Facebook launches Paper, an application to read news
It might be time to make room for another Facebook app on our home screen.
On February 3, the iPhone version of Paper, a news consumer application similar to other existing options, such as Flipboard, Feedly and Zite, was launched in the United States; and, presumably, other versions will follow.
The idea is to present the longer content of Facebook in a more attractive magazine style that encourages users to spend more time viewing the messages, stories and images.
The first section of the new application will be the Facebook news wall. It will not include all the functions of the native Facebook application, but it will show our friends' messages, along with stories from other news categories, in a more polished and beautiful package.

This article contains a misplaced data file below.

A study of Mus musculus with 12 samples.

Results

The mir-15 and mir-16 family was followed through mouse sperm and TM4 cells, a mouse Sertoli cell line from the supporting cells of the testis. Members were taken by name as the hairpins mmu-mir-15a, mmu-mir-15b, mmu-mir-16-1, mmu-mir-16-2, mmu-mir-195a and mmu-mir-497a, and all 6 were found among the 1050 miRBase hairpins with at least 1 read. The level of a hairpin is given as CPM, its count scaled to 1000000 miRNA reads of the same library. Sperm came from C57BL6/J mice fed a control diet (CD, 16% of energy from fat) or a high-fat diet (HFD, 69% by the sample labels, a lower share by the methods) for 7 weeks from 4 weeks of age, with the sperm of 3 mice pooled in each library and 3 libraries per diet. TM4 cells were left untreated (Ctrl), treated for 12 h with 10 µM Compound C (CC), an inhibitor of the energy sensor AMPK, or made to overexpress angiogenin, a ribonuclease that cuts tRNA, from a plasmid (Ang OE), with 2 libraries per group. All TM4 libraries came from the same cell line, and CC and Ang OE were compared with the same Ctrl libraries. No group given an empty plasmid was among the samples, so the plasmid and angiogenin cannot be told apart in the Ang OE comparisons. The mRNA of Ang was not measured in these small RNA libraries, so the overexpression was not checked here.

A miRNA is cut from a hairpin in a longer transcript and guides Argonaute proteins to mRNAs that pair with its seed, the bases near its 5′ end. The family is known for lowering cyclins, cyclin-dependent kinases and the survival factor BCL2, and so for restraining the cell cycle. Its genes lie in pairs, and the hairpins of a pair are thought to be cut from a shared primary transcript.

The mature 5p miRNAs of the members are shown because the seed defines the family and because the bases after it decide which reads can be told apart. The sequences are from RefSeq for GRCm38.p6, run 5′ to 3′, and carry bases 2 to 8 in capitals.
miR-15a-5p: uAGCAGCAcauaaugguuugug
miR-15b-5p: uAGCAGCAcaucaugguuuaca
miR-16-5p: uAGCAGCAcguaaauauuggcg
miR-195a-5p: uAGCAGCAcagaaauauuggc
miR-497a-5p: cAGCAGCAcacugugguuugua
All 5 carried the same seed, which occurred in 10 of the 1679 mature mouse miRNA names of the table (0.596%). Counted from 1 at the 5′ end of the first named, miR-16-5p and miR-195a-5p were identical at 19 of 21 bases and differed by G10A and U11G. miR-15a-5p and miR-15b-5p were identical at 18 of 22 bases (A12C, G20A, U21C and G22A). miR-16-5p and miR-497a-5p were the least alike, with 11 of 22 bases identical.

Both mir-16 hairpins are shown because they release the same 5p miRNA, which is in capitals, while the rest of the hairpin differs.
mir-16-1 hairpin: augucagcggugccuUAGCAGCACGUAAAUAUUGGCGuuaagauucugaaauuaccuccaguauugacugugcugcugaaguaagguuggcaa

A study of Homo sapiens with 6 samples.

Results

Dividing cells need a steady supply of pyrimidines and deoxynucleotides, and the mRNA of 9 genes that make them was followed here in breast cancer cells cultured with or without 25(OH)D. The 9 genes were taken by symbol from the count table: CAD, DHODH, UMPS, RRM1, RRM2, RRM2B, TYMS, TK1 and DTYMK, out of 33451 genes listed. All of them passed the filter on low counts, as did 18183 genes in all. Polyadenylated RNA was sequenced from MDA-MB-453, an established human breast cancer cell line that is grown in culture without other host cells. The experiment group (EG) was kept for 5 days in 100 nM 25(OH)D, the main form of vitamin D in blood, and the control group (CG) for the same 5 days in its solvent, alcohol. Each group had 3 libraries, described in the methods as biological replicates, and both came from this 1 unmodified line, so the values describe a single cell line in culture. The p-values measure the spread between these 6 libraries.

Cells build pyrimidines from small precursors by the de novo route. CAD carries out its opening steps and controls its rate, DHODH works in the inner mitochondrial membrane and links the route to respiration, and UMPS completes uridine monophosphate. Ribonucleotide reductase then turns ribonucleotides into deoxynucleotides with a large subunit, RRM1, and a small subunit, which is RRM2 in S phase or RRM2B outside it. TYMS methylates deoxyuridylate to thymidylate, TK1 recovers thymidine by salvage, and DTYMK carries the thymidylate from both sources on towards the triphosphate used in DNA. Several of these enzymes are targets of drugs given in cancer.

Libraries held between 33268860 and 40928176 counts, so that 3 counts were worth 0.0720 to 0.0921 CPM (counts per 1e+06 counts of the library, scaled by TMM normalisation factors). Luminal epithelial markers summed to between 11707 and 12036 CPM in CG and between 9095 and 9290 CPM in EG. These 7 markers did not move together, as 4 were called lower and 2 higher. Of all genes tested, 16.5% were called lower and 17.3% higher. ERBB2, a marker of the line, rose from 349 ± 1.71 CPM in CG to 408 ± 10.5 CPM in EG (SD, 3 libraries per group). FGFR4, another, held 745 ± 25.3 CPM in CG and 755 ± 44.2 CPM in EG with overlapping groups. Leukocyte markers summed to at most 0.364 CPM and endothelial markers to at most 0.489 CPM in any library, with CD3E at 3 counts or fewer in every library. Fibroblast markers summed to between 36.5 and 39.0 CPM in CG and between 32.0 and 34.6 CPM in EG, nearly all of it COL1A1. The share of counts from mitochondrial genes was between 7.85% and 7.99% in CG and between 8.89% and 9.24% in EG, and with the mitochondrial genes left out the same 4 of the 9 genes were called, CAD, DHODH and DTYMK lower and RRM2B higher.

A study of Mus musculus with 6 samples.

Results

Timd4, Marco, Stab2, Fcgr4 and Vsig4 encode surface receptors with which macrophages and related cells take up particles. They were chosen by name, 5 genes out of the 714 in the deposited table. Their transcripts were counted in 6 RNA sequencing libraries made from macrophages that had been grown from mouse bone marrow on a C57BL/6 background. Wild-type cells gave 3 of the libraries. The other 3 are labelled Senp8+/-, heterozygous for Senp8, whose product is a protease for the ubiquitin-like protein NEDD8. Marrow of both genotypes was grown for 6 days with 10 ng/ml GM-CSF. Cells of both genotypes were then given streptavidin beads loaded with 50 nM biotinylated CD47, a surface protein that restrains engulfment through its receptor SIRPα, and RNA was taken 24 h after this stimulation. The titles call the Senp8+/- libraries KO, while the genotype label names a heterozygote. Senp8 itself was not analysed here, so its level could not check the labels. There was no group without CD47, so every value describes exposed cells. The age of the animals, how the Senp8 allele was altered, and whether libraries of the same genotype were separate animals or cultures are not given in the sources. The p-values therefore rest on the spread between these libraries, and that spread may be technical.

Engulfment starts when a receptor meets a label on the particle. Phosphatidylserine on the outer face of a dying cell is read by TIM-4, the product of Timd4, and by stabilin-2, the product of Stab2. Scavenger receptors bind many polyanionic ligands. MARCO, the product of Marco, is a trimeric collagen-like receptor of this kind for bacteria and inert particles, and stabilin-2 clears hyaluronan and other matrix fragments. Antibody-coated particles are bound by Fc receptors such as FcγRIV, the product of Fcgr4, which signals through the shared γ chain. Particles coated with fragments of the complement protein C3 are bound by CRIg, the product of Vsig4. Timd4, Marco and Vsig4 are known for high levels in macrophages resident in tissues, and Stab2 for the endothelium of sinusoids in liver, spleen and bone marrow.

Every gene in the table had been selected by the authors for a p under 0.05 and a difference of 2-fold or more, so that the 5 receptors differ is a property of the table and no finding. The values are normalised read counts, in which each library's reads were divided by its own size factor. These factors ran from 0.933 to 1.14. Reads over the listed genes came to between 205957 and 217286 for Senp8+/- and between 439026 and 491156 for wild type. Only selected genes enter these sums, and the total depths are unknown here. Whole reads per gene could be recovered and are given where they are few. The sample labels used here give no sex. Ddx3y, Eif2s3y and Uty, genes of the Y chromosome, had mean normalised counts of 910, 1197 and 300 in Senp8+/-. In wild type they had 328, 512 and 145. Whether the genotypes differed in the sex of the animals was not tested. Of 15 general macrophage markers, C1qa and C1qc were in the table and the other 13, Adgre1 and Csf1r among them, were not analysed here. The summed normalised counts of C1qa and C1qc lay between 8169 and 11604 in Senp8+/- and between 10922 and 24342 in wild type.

According to Facebook, the Latest News section will have a new design for photos and videos and will offer the ability to read longer text posts.
Users will be able to personalize the application by adding more than a dozen other themes, "from photography and sports, to food, science and design."
There will be no buttons to press. Instead, users will be able to scroll through stories and other posts by tilting the phone in various ways and sliding their fingers across the screen.
When we publish our own stories, Paper will allow us to preview them before sharing them.
Paper will be the first launch of Facebook Creative Labs, dedicated exclusively to the development of new mobile applications for the site.
During the first days of its IPO in 2012, Facebook received some attacks for failing to make money from the rapid growth of the mobile phone market. However, that appears to have completely changed and Paper could provide the company with another mobile platform on which to advertise.
Recently, Facebook reported that 945 million of its 1.2 billion users visited the site via smartphone or tablet in the past few months and that 53% of the site's ad revenue came from mobile devices, which is a significant growth from 23% last year and zero in 2011.